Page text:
LC at Sight: Quick Payment With a Letter of Credit


Letters of Credit

Letters of credit, including sight letters of credit, rely on documentation. To get paid, the beneficiary (often an exporter or service provider) needs to submit documents to specific banks. Those documents typically include the letter of credit itself, as well as additional documents proving that the exporter met their obligations to the buyer.

Letters of credit are tools for payment, separate from a purchase or sales agreement. LCs help to ensure that the person on the other side of the deal performs specific actions. Banks guarantee payment and hold onto the money until it can be proven that those requirements are satisfied. To set up a documentary letter of credit, the party making the payment typically applies for a letter of credit with a local bank.

If you’re selling something (to a buyer overseas, for example), you can gain confidence by using a letter of credit. With a properly designed agreement, you’ll get paid as long as you ship the goods as agreed.


A well-established bank often guarantees payment, so you’re not relying on the credit (or cooperation) of a buyer with whom you are unfamiliar.

If you’re buying something, a letter of credit can help you avoid paying for something that never arrives. Instead of sending money and hoping for the best, your funds are held in escrow until the seller can produce documents proving that they shipped goods to you or completed a task. For example, the seller might need to provide a bill of lading and other documents.

That said, you can’t eliminate risk using a letter of credit. The seller could potentially ship low-quality goods or even commit fraud and ship a box of rocks. Still, you can reduce your risk with letters of credit. Banks will release funds as long as they receive the documents listed in the letter of credit on time and in good order. The bank will not ensure that the shipper fulfilled the order exactly as specified in the purchase agreement.

However, you can require an inspection certificate for the letter of credit, allowing somebody to review the shipment's contents before your payment is released.

What Does "Immediately" Mean?

Although payment with a sight LC is relatively quick, it is not necessarily instant. The seller’s bank (which might be the negotiating or advising bank) must review the documents you submit and make sure they meet the requirements in the letter of credit. That process may take several business days.

In some cases, the documents must be forwarded to another bank for review. Once each bank verifies compliance, payment takes place, but don’t expect all of that to happen in one day. Finally, although wire transfers are a quick form of payment, it can take one or two days for funds to end up in a beneficiary's account (especially if the transfer comes from overseas).


It's probably reasonable to expect about five business days for each bank to review documentation and another one to two business days for the funds to arrive at their destination.

Alternative Letters of Credit

To understand how an LC at sight works, it might help to review how it doesn’t work. An alternative form of LC is a deferred payment letter of credit or a usance (or “term”) letter of credit.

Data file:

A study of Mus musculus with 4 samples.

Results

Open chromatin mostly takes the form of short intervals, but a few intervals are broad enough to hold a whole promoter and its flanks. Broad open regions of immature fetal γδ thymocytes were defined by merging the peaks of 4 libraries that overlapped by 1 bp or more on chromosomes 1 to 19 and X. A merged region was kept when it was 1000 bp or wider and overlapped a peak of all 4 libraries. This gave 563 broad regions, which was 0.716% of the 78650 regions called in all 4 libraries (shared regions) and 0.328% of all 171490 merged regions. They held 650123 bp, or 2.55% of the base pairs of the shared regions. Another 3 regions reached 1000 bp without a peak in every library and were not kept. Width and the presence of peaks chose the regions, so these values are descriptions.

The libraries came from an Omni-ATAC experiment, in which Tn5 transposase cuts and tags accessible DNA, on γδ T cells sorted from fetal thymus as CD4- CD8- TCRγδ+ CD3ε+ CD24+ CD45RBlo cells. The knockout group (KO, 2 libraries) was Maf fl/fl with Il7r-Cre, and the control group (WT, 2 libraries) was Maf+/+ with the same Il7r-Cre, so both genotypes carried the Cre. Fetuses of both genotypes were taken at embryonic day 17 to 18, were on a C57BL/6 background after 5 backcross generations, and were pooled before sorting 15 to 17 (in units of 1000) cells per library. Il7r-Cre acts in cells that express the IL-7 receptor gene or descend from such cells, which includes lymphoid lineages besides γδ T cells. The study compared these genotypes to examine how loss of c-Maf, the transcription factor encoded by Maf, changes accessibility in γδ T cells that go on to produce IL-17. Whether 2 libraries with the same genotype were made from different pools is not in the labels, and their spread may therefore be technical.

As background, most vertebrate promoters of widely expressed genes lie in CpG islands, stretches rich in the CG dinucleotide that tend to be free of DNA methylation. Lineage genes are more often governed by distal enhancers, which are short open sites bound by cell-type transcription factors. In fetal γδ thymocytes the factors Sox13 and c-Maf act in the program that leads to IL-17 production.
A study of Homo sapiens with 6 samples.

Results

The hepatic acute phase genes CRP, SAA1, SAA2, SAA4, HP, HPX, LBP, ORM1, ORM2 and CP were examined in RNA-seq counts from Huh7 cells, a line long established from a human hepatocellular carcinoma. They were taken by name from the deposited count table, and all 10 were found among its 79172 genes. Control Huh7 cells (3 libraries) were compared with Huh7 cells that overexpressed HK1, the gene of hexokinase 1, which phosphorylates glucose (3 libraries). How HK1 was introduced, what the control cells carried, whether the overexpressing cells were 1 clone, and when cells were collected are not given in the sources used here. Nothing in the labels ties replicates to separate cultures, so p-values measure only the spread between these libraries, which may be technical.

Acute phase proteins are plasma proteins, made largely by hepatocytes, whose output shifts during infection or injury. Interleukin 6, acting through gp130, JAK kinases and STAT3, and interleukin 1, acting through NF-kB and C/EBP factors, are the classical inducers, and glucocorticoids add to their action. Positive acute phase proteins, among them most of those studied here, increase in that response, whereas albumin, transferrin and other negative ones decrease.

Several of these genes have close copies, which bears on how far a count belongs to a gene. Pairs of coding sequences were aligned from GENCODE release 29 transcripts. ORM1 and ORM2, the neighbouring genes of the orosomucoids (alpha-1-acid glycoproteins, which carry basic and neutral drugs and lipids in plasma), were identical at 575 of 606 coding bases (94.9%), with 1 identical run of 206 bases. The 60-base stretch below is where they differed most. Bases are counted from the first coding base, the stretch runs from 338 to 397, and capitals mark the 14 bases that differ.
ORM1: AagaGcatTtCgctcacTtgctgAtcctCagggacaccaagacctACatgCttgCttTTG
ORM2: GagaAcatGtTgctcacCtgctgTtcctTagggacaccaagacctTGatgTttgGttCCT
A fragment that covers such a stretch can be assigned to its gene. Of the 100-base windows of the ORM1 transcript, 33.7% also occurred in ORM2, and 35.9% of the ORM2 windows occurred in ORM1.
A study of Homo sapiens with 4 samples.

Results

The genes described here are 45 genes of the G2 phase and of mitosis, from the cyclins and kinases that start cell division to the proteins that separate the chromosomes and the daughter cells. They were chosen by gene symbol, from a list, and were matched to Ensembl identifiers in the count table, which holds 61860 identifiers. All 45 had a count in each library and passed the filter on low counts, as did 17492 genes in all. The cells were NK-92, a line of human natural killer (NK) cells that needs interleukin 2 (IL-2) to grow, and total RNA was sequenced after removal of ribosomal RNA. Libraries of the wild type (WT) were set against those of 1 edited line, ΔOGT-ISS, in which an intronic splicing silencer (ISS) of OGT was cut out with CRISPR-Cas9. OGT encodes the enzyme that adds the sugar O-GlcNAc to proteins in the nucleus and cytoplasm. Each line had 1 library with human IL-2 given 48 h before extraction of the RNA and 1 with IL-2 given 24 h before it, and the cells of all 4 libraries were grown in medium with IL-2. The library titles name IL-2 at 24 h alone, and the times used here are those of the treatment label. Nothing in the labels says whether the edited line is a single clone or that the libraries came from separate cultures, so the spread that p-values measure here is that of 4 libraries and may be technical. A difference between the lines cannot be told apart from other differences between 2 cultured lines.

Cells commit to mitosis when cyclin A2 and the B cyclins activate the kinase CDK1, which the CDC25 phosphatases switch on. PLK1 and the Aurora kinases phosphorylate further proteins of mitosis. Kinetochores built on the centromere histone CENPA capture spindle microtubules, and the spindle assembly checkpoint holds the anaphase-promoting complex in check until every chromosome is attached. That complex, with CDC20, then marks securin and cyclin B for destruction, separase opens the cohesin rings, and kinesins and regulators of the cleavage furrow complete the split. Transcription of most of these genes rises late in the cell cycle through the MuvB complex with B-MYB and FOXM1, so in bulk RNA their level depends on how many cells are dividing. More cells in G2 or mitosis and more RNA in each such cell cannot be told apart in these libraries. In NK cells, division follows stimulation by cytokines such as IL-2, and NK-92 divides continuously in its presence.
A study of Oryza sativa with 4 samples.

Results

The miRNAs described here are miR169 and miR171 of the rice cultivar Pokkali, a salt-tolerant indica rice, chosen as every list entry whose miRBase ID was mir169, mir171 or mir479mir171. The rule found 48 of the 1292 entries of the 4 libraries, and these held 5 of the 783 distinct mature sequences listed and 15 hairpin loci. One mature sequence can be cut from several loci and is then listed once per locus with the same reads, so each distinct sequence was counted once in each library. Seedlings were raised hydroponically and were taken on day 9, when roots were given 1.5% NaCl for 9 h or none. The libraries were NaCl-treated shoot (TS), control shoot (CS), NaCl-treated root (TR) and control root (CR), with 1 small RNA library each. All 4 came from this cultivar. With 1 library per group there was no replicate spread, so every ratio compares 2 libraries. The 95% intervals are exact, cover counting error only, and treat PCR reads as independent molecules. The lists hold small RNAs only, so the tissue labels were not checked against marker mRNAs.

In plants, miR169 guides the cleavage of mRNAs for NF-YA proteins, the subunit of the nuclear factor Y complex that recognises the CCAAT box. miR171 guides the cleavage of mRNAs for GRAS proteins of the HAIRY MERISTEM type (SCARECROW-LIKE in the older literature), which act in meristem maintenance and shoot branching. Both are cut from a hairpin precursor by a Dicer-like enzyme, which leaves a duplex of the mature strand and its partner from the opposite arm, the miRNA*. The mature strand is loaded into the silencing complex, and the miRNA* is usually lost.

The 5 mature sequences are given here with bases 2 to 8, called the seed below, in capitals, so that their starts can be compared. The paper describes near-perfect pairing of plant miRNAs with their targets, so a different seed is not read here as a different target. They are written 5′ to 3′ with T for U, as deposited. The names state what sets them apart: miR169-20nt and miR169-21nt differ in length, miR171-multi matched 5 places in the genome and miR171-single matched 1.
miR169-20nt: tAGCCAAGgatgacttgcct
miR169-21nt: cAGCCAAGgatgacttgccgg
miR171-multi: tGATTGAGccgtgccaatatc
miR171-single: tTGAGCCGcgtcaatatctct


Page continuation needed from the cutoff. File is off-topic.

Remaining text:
With those instruments, payment happens at some future point in time, potentially long after the documents have been submitted (perhaps 30, 90, or 180 days after).

Deferred payment gives the buyer more time to come up with funds. As a result, that approach can work as a form of seller-financing. The strategy could even attract buyers that otherwise have to pay more quickly (but prefer not to). The buyer also has a chance to sell the imported goods and generate revenue before the payment is due, making it easier to fund the payment (or shortening the amount of time that the buyer has to borrow from a bank).

Letters of credit can have a variety of features. For example, irrevocable letters of credit are harder to cancel unilaterally. Confirmed letters of credit add even more security because a bank that both parties trust can guarantee the payment. That approach provides more confidence than just using an unknown bank in the buyer’s country.

Why Use a Sight LC?

A letter of credit that pays at sight is beneficial for sellers. Payment arrives more quickly than it would with a deferred payment letter of credit. Exporters spend money to produce and ship goods, so getting funds back quickly helps them avoid a cash-flow crunch.


Quick payment is also preferable if you have concerns about the solvency of your buyer or any of the banks involved.

Plus, if you're dealing with a buyer (and bank) in a volatile nation, you might prefer to get paid as quickly as possible. Political unrest could lead to financial turmoil, resulting in currency changes, asset seizures, and other outcomes that might affect your buyer’s (and any related banks’) ability to pay.

Frequently Asked Questions (FAQs)

What is a letter of credit?

A letter of credit is a letter from a bank that guarantees a seller's payment will be on time and for the right amount. Letters of credit are primarily used in international trade. The bank is required to cover the payment if the buyer is unable to make their payment on time or in full. Banks charge a fee to issue a letter of credit.

What is a standby letter of credit?

A standby letter of credit is to guarantee the performance of a contract. The bank guarantees payment to the seller of a set amount of money if the contract isn't fulfilled. The standby letter of credit reduces risk for the seller and provides a financial safety net.


  3. Export-Import Bank of the U.S. "How Does a Letter of Credit Work and What Is It?"

  4. Privacy Shield Framework. “Escrow.”